Drivers who consume cannabis within three hours of driving are nearly twice as likely to cause a vehicle collision as those who are not under the influence of drugs or alcohol, claims a paper published recently on the British Medical Journal website.
The paper's authors, from Dalhousie University, reviewed nine studies with a total sample of 49,411 people to determine whether the consumption of cannabis increases the risk of a motor vehicle collision.
This is the first review to look at various observational studies concerned with the risk of vehicle collision after the consumption of cannabis. Previous studies have failed to separate the effects of alcohol and other substances from the use of cannabis, resulting in a lack of agreement.
Cannabis is the most widely used illicit substance globally and recent statistics have shown a significant increase in use across the world. Rates of driving under influence have also increased. A roadside survey carried out in Scotland in 2007 showed that out of 537 drivers tested, 15% aged 17-39 admitted to having consumed cannabis within 12 hours of driving.
All motor vehicle collisions involved in the study took place on a public road and involved one or more moving vehicles such as cars, vans, sports utility vehicles, trucks, buses and motorcycles. Results were taken through blood samples or direct self-report.
Results show that if cannabis is consumed before driving a motor vehicle, the risk of collision is nearly doubled. Previous results have also found that there is also a substantially higher chance of collision if the driver is aged 35 or younger.
In conclusion, the authors suggest that the consumption of cannabis impairs motor tasks important to safe driving, increasing the chance of collisions and that future reviews should assess less severe collisions from a general driving population.
The author of an accompanying editorial, from the University of Queensland Centre for Clinical Research, questions the benefits of roadside drug testing on public health. He argues that further evidence of this is required so that countries already carrying out drug testing can help to inform those countries that have yet to introduce it.
~ScienceDaily, 10 February, 2012
Ginger root is a favorite among herbalists, used in a variety of situations. The spicy root, or rhizome, of the ginger plant can either be eaten raw, powdered, made into tea, juiced, tinctured, or even candied. One of the most common uses for ginger root is for nausea and vomiting. Placebo-controlled, double-blind studies have proven that ginger root effectively reduces nausea and vomiting caused by motion sickness, surgery, and morning sickness during pregnancy. Because organic ginger root is completely safe to use during pregnancy, the herb is especially treasured by pregnant women around the world.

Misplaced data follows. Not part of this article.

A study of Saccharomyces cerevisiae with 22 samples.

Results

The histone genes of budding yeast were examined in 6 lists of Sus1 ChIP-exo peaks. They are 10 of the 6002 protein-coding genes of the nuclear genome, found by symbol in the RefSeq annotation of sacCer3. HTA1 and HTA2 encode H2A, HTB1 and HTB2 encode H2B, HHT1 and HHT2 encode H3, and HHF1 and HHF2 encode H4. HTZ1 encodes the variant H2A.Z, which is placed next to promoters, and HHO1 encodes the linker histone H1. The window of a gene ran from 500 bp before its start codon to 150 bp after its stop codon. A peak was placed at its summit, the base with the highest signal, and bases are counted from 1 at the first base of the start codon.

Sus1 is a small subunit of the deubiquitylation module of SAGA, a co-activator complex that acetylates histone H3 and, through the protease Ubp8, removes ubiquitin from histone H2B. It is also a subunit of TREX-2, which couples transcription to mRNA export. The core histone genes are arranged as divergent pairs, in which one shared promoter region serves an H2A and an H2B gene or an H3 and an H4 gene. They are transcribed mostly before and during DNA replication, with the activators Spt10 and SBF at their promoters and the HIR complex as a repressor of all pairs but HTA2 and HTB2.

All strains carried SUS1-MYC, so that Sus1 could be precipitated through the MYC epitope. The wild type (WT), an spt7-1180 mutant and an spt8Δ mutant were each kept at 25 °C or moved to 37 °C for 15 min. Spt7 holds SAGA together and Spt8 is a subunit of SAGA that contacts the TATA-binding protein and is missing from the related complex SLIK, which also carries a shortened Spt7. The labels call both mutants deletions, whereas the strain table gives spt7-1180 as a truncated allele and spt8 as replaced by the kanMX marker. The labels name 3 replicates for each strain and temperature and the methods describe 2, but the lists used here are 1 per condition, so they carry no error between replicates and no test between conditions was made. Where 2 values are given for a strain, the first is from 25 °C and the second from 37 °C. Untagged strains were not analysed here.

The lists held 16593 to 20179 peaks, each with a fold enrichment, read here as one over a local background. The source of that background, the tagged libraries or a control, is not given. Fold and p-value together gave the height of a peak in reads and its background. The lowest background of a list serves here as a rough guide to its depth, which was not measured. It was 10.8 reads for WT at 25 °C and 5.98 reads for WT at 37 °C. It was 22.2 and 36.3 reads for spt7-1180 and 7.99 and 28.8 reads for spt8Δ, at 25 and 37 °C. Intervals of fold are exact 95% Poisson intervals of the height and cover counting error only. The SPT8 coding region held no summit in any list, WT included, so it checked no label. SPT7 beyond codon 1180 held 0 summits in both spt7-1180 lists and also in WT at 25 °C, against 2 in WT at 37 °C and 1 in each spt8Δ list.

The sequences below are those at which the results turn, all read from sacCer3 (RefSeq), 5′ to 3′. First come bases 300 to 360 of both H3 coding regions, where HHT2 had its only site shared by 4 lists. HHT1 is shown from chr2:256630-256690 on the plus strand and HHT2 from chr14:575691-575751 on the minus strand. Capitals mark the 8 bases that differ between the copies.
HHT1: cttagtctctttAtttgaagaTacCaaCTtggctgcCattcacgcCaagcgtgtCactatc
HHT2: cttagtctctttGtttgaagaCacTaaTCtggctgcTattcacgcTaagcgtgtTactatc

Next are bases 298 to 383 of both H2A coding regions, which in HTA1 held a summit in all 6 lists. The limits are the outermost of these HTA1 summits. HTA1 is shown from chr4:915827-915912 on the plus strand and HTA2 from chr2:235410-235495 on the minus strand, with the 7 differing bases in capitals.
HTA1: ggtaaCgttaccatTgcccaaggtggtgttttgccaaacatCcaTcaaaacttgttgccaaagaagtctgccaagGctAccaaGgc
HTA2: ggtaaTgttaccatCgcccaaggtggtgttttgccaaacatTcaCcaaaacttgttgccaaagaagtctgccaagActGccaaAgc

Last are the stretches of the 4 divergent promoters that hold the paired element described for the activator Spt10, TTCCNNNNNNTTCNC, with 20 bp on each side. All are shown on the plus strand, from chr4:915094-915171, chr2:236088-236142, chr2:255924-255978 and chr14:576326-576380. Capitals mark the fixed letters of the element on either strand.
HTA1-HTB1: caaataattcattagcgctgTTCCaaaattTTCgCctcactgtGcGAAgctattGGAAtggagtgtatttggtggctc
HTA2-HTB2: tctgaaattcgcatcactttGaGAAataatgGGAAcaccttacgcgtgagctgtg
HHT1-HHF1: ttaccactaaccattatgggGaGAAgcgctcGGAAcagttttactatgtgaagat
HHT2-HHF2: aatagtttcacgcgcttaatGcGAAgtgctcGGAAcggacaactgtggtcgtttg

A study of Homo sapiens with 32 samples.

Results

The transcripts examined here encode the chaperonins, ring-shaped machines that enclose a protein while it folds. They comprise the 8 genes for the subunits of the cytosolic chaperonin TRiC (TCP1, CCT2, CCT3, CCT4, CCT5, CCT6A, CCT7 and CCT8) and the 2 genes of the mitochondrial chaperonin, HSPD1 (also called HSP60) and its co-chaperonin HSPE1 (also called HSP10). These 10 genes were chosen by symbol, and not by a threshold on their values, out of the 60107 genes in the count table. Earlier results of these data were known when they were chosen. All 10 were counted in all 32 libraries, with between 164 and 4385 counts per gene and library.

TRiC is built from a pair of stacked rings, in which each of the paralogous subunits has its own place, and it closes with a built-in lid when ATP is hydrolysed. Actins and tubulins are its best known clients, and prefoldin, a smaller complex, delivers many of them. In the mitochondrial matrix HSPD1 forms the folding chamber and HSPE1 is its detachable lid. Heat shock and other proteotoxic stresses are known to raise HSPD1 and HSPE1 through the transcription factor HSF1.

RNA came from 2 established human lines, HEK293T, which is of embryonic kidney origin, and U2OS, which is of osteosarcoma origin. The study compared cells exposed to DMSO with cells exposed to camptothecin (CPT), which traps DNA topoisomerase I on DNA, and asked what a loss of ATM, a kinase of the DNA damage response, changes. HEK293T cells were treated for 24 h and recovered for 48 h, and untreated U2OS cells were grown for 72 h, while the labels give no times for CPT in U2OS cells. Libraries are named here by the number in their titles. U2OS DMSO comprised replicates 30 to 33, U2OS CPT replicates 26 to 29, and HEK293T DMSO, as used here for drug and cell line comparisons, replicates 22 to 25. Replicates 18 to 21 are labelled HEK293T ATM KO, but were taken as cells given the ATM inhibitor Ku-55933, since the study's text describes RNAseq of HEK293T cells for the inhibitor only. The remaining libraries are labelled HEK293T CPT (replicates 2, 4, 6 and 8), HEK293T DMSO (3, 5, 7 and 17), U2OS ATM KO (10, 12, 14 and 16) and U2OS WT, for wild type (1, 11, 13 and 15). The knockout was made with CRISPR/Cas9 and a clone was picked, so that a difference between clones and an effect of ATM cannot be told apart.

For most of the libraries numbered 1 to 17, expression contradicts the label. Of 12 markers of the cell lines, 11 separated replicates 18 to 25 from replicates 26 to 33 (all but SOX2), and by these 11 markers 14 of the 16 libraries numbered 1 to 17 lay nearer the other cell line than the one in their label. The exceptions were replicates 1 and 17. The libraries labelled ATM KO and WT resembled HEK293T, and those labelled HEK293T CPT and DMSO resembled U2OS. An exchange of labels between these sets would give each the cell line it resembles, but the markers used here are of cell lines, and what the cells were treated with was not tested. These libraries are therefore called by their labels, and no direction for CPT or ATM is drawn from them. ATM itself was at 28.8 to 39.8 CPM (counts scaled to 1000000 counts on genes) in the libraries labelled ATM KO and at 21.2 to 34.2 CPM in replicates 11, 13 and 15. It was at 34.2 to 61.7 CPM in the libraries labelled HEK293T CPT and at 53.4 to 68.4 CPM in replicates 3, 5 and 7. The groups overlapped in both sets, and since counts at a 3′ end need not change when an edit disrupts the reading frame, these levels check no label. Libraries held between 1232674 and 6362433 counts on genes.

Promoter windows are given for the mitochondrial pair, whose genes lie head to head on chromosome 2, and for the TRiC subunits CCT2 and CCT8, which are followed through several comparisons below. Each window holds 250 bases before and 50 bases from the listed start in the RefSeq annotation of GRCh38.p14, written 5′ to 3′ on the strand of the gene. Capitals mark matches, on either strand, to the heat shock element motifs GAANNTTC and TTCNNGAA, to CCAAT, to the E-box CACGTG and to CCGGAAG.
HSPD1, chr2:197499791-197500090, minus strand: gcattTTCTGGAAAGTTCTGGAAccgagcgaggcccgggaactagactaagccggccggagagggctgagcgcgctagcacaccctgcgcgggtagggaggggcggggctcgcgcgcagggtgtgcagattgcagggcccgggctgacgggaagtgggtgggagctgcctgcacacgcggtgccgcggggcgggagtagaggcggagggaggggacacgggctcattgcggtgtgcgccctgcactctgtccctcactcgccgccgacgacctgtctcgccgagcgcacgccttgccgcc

Ginger root is an effective antidote for motion sickness while at sea. A Danish study published in 1988 tested the effects of ginger root powder on 80 new Naval cadets who were out on the high seas in stormy weather for the first time. The sea-sick cadets were either given a placebo or 1 gram of ginger root powder, then measured every hour for symptoms of motion sickness for four hours. During this time, the control group of cadets experienced cold sweats, dizziness, and vomiting. The group of cadets who had taken ginger root powder had measurably fewer symptoms.
Ginger root has been demonstrated to reduce nausea and vomiting after surgery Researchers in a London hospital tested ginger root as an anti-emetic, a "drug" that prevents nausea and vomiting. In a double-blind, placebo controlled study of 60 women who had just had major gynecological surgery, ginger root was compared to a placebo and the drug metoclopramide (Metosalv ODT by Salix or Reglan by UCB). Ginger root compared very similarly to this commonly prescribed anti-nausea drug in reducing nausea after surgery.
Pregnant women may safely take ginger root for morning sickness. The venerable medical journal Obstetrics and Gynecology published a 2001 study on the effectiveness of ginger for pregnancy-related nausea and vomiting. Seventy pregnant women who were less than 17 weeks pregnant were studied for five months to determine if ginger had any effect on morning sickness. They were given either 1 gram of ginger daily or a placebo. Both nausea and vomiting decreased significantly in the ginger group, while barely at all in the control group. No adverse outcomes were reported. The researchers concluded that ginger is safe and effective for nausea and vomiting during pregnancy.
Complementary Therapies in Nursing and Midwifery reviewed safe alternatives for nausea and vomiting during morning sickness in pregnancy in 2002. The author noted that most pregnant women were reluctant to take any prescription drugs during pregnancy, but that these women did want to find relief from morning sickness. Ginger root was one of the alternatives noted as safe and effective.
~Donna Earnest Pravel, NaturalNews.com
Recipe of the Month
Broccoli and Ginger Stirfry
1 broccoli head
1½T Braggs Aminos*
2T oil or water
1½t tomato sauce
2T grated ginger root
2T chopped coriander
1 chopped red capsicum or parsley
Cut broccoli into bite size pieces. Bring to the boil 2 cups of water with 1t of salt. Add broccoli. Boil 2-3 minutes. Strain and keep aside. Sauté ginger and capsicum in oil or water for 4-5 minutes. Add Braggs Aminos, tomato sauce, and coriander. Mix well. Add broccoli. Stirfry for 5 minutes. Serves 4.